Repairs Delay Discovery Launch as Shuttle Program Winds Down
The space shuttle Discovery is scheduled for at least one -- possibly two -- more missions to deliver cargo to the International Space Station, but it's having a hard time getting off the ground. The latest delay was necessitated by repairs to damaged struts supporting its exterior fuel tanks. NASA wants to make sure the mission is not endangered by cracks in the shuttle's foam insulation.
The need for more time to repair ominous-looking cracks in metal struts that support space shuttle Discovery's hefty exterior fuel tanks prompted NASA officials Thursday to call for a launch delay, moving the flight from a previously planned early February date to that month's end.
The delay, which follows a failed November launch attempt, has NASA engineers questioning potential manufacturing flaws as the crack-creating culprits.
Loaded with supplies for the International Space Station, Discovery is winding down NASA's three decades in the shuttle business.
"NASA's shuttle program is retiring," NASA spokesperson Michael Curie told TechNewsWorld. "There are two final missions scheduled and one mission approved to fly, so the delay does not affect the schedule."
To get the big bird flying on her symbolic swan song, "Discovery first needs to clear some basic safety inspections," explained Lord Cole, an aerospace engineering doctoral student at the UCLA Energy and Propulsion Research Laboratory. "Right now, the damaged struts are leading to cracks in the space shuttle insulation," which could portend more serious problems.
Fear of Foam
The space shuttle's insulation has a deceptively soft name -- "foam" -- which belies its projectile potential. On liftoff and in flight, cracked foam insulation -- a hard material, particularly in cold space -- can break away, which "could lead to same catastrophe NASA had in 2003," when a hunk of flying foam slammed into a wing, destroying the shuttle Columbia, Cole told TechNewsWorld.
Flying foam hastened the shuttle program's end, "per the plan determined by the Bush administration following the Columbia accident," NASA's Curie said.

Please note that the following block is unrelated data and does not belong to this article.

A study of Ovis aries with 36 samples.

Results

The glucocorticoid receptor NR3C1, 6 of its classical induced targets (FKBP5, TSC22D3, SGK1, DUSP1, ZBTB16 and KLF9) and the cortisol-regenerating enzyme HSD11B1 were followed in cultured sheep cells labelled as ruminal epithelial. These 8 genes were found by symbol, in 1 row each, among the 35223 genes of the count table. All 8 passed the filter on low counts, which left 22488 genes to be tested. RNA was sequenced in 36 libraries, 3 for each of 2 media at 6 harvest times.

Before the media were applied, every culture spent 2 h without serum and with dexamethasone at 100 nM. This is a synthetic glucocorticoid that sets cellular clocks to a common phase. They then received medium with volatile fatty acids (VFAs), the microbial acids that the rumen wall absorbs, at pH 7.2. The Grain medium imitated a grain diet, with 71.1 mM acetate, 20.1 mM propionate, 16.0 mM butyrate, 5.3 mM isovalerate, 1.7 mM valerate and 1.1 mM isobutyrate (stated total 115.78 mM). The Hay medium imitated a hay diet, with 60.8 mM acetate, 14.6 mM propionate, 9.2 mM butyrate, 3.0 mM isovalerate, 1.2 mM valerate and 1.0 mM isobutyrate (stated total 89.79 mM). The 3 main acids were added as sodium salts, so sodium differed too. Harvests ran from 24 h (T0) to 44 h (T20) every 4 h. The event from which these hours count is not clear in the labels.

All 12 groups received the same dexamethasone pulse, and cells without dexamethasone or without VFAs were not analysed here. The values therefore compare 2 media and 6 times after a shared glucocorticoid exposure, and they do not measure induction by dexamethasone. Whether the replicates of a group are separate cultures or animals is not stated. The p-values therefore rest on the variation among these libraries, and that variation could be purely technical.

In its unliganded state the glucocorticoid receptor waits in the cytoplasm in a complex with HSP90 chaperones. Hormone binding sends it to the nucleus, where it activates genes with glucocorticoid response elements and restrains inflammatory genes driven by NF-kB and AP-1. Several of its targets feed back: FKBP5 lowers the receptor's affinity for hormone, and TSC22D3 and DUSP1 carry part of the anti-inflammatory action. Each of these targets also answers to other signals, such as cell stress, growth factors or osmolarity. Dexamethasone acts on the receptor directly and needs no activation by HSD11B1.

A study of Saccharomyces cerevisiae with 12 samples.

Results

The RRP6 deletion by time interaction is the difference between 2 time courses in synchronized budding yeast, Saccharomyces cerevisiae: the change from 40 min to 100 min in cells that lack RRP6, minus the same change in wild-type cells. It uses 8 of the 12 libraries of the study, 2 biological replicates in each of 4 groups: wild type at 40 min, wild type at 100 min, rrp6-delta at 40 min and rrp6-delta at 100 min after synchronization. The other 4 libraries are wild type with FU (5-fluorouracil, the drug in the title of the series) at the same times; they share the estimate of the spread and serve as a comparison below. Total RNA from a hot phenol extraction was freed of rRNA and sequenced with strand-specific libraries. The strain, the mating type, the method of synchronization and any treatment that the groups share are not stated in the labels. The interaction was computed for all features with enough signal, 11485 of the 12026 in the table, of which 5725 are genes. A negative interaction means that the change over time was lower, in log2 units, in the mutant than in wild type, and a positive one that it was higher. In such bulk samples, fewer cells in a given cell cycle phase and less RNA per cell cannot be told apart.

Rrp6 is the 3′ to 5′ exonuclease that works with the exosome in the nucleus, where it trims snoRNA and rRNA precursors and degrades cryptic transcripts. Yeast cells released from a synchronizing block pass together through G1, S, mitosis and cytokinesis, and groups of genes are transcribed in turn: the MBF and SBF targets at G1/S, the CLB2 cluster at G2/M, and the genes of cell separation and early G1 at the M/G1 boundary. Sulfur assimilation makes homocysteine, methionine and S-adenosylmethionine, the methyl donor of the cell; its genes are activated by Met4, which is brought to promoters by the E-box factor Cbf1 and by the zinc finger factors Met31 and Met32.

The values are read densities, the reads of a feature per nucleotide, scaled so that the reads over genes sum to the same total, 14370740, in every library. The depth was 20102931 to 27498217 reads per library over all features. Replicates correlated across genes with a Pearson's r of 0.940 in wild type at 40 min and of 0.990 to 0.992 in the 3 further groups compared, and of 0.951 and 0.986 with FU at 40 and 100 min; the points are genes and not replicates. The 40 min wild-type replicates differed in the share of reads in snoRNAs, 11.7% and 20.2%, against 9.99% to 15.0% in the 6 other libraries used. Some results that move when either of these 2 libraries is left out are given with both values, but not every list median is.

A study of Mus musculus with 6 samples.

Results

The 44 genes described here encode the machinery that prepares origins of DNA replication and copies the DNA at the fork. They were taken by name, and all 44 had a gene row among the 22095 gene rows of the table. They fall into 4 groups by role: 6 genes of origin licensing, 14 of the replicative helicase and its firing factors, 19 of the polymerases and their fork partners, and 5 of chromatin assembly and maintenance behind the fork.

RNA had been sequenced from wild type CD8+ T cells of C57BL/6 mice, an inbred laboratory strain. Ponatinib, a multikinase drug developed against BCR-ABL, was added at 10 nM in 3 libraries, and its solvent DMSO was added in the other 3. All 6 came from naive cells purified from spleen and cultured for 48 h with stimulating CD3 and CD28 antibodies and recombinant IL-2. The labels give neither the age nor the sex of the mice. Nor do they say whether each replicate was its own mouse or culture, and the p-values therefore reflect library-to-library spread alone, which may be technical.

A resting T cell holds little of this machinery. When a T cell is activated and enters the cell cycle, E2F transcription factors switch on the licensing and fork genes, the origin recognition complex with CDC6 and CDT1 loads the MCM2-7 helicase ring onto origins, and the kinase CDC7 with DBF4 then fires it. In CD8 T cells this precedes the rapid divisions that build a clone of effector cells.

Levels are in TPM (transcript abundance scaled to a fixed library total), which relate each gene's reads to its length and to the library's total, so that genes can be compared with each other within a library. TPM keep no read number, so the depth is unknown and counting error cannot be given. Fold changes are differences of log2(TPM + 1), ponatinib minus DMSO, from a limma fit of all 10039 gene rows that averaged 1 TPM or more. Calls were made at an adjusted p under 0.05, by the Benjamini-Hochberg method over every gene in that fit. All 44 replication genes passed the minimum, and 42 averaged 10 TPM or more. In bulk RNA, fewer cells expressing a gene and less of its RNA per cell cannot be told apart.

To insure safety and integrity, NASA isn't taking any chances. Known as "stringers," all 108 struts -- most of which aren't damaged -- may have to be reinforced or replaced, NASA Kennedy Space Center news chief Allard Beutel said.
That solution strikes Stephen Braham, associate director and chief field engineer of the NASA Haughton-Mars Project, as a good idea.
"At this point, probably all the stringers will need to be beefed up before Discovery flies again," he told TechNewsWorld. "More importantly, NASA will want to ensure it fully understands why this problem occurred."
The repairs won't be easy, so the extra time makes sense.
"It doesn't help that the tank is so big," said University of West Georgia emeritus physics professor Ben de Mayo, a Georgia Space Grant Consortium-NASA member. "To test the tank, they will probably have to fill it up with liquid oxygen and hydrogen."
Given the present delays, "NASA will probably extend the number of shuttle missions," de Mayo told TechNewsWorld.
However, the operative word is "probably," with the "possibility of one extra mission dependent upon the length of the delays," UCLA's Cole added.
Tentatively scheduled to launch at summer's end, Discovery's final mission -- the extra mission -- "would still fall into the White House's guidelines for shuttle retirement," he said, "but only as long as the previous two launches are not severely delayed."
Concerns about delays are justified and necessary, said Braham, who also directs Simon Fraser University's PolyLAB.
"Delays cause worries due to cost increases and NASA's generally fixed budget caps," he said. "Congress required the mission to be flown only as long as it is safe."
Future flights sans shuttles will involve "new programs, including a Commercial Transport Planning Office," said NASA's Beutel. "NASA is working with the FAA to develop private space flight guidelines that maintain our expectations for safe space flight, which is an inherently risky endeavor."
Citing NASA's current relationships with private contractors SpaceX and Orbital Sciences, which involve "oversight and investment," Cole said that "because the Space Shuttle Program was such a large part of NASA and its public image, it will be interesting to see what direction they go after it ends."
So far, the private commercial direction is "going extremely well," Simon Fraser's Braham said. "With the recent amazingly successful flight of the SpaceX Falcon 9, there is a lot of hope that Commercial Orbital Transportation Services will lead to commercial human flights to the International Space Station. This would create a new era for U.S. human space flight, and would be an excellent legacy for the Apollo and Shuttle programs."